The age-old debate among traders about which is the better way to make decisions—technicals or fundamentals—misses the point. The two are not mutually exclusive; they are complementary. Activity in the interbank FOREX market is far larger than the retail trading platforms and commodity markets. The relative volume of retail trade is insignificant compared to institutional activity. Many institutional dealers rely heavily on the fundamentals, so it behooves the retail trader to have a passing knowledge of the fundamentals, if for no other reason than to understand what the big players are up to. This chapter aims to provide an insight into what factors fundamental traders consider when they make their trading decisions.
The fundamental trader seeks to figure out the reasons behind buying or selling currencies in the FOREX markets in order to predict how those making such transactions will behave in the future. The technical trader simply accepts the fact that these transactions are taking place and looks for familiar price patterns to repeat. This chapter takes a quick look at some of the principal fundamental influences on the markets. Because knowledge of the fundamentals usually requires both academic preparation and considerable market experience, they are often used more frequently by traders who have a professional background. If you approach both analysis tools with an open mind, you might find that some of the elements of a fundamental approach might prove to be useful along with technicals. Figure out what works for you.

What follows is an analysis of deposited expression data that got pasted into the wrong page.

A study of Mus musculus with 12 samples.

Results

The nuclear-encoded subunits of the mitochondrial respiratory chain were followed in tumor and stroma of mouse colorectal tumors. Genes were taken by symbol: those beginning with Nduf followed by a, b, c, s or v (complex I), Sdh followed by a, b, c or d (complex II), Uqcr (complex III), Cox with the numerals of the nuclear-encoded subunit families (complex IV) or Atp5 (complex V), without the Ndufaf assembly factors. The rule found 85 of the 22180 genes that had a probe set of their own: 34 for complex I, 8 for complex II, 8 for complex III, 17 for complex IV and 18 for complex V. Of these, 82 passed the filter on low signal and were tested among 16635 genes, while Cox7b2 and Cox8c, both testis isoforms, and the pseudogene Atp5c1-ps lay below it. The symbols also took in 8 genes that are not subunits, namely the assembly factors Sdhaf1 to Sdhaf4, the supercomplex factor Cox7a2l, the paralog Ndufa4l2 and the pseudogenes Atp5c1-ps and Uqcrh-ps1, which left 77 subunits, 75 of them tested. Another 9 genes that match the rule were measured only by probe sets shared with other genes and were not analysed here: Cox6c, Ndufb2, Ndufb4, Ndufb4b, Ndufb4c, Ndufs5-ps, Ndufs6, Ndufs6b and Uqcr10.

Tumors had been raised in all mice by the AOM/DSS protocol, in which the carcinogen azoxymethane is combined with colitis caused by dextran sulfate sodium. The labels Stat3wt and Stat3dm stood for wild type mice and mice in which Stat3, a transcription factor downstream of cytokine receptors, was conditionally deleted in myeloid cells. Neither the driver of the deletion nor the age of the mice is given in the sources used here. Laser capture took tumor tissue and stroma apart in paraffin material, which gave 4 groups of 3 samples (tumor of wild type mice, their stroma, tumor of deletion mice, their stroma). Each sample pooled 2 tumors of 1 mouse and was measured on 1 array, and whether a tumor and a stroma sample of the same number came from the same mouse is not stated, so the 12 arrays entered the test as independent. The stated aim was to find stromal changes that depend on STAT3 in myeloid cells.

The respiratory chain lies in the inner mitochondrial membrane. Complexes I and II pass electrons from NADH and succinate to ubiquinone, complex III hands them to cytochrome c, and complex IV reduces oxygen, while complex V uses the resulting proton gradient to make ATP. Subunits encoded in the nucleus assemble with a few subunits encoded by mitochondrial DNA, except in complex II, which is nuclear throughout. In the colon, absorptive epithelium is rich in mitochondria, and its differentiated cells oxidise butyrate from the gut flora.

Many assert that the fundamentals are already priced in the markets. Decades of trading experience suggest that this theory is utter nonsense. Take a look at how the direction of the markets can be abruptly reversed by a central bank decision or an economic release.
As for the difference between fundamental and technical analysis, the two methods approach the markets from different directions. Technical traders look for future guidance from past and present price patterns, while fundamental analysts like to dig in and try to figure out what is behind the price patterns that the technical traders are readily accepting.
A basic flaw with pure fundamental trading is that it is often impossible before the fact to identify which fundamental factors will be dominating trade, because those factors tend to change quickly. A key flaw in pure technical trading is that it can lack the depth that comes from fundamental analysis. In other words, not all price moves are created equal. Here is how a bank dealer from the southern tier of Europe approaches the FOREX markets:
Today’s data really puts into context those three basics that move fx rates: relative growth differentials, yield differentials, and other stuff. In a rising growth/low volatility environment, yield differentials matter more. In the current falling growth and risk aversion environment, yield differentials matter little. It’s primarily about future relative growth expectations, and how some economies are soon to be perceived as falling more behind the curve than others.
An approach that might be considered is to use whatever technical approach works for you and supplement that strategy with an awareness of what is happening fundamentally.